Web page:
GRASS CEILING Living Lab Spain celebrates a new meeting in Palencia

The Grass Ceiling Project, academically coordinated by the Palencia Campus of the University of Valladolid (UVa), continues its journey, celebrating an interesting meeting where the main challenges faced by women working in agriculture were discussed. The University Campus of Palencia has once again hosted the third meeting of the Grass Ceiling Project. The objective of the working session was to identify the main challenges, barriers, and limitations that women face daily in their agricultural and livestock operations, from personal, sectoral, regulatory, and rural environment perspectives.

To achieve this, the eight women participating permanently in the project and a diverse group of external agents from the associative and cooperative sector, the public sector, local action groups, and several male farmers, have participated in various work dynamics. The research team from the Palencia Campus, led by Professor Margarita Rico, along with several members of the Agri-food Cooperatives of Spain, organized and moderated the event.

The main problems detected are mainly related to the excessive and convoluted bureaucracy that professionals in the field must comply with, often redundant and unnecessary, which takes away time that could be devoted to their own farmers. Other limitations are related to the poor living conditions in smaller municipalities, especially regarding the scarcity of health, education, care, cultural, and leisure services. The scarcity of public transportation and inefficient internet and mobile phone connectivity were also cited as significant barriers. Finally, sector-specific issues inherent to agriculture also pose important obstacles, such as high production costs, limited influence over prices, sector undervaluation, and low representation of women in leadership positions in various representative organizations.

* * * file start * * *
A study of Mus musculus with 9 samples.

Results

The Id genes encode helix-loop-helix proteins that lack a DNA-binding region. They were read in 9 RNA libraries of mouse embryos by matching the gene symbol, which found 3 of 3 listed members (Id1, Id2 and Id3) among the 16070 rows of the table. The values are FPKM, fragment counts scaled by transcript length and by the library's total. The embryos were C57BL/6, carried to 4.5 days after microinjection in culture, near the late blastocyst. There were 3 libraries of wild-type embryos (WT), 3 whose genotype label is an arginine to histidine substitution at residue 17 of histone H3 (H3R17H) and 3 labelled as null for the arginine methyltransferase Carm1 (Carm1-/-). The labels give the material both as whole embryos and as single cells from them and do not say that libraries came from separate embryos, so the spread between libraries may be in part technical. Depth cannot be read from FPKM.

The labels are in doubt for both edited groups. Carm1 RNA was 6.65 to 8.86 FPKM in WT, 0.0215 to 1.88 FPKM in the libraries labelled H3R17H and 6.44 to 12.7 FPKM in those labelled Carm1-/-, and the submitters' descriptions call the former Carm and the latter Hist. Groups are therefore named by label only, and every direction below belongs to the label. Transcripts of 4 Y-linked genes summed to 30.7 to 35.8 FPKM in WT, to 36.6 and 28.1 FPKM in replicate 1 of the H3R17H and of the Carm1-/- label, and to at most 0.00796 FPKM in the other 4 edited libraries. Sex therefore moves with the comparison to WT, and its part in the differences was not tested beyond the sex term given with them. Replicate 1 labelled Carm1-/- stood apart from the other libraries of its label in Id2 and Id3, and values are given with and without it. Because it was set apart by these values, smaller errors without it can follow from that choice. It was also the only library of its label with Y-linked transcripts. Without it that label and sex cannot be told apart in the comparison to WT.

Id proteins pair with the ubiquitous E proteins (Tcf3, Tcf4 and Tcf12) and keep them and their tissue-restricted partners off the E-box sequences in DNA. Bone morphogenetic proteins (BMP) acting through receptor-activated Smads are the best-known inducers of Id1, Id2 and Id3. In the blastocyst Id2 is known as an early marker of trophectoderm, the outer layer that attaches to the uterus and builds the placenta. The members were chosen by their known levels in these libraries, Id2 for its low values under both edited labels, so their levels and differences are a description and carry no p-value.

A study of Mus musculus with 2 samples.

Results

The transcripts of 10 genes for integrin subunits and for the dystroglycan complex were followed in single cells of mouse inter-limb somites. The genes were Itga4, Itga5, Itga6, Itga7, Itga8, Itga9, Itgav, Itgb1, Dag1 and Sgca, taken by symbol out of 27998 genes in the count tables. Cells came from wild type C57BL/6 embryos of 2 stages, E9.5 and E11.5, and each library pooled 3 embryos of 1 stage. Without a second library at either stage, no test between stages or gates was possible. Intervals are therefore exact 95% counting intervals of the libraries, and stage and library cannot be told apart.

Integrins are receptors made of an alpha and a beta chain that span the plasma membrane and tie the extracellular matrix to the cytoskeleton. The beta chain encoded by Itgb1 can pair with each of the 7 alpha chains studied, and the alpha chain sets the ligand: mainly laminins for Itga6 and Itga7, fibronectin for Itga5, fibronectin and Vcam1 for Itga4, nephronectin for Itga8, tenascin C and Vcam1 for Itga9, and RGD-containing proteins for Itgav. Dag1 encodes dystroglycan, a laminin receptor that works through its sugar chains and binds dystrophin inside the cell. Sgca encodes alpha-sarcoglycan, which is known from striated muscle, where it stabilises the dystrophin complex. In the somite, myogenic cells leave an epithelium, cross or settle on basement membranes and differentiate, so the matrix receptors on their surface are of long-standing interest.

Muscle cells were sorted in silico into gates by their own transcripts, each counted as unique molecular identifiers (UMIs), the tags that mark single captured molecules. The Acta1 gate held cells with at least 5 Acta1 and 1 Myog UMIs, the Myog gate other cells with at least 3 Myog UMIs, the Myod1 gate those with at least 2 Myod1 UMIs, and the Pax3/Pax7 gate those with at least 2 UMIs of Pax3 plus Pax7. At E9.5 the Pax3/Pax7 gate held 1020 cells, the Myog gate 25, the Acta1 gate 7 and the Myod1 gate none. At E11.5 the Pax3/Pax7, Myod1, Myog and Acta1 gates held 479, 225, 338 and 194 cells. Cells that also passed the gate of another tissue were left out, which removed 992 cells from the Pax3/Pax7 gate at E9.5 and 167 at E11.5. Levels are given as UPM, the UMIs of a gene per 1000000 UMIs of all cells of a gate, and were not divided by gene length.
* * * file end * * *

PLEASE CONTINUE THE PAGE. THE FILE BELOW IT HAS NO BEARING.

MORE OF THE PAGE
Ultimately, the last discussion focused on proposing an exploratory plan for possible generic action strategies to overcome the identified barriers in the preceding work dynamics. The project concludes its first year of work, with very positive results in terms of conclusions drawn and the participation and commitment of the eight women involved in the experiential laboratory, as well as other collaborating agents. The creation of the working and support network generated around the project itself, constitutes an innovation in supporting women actively working in agrarian activities.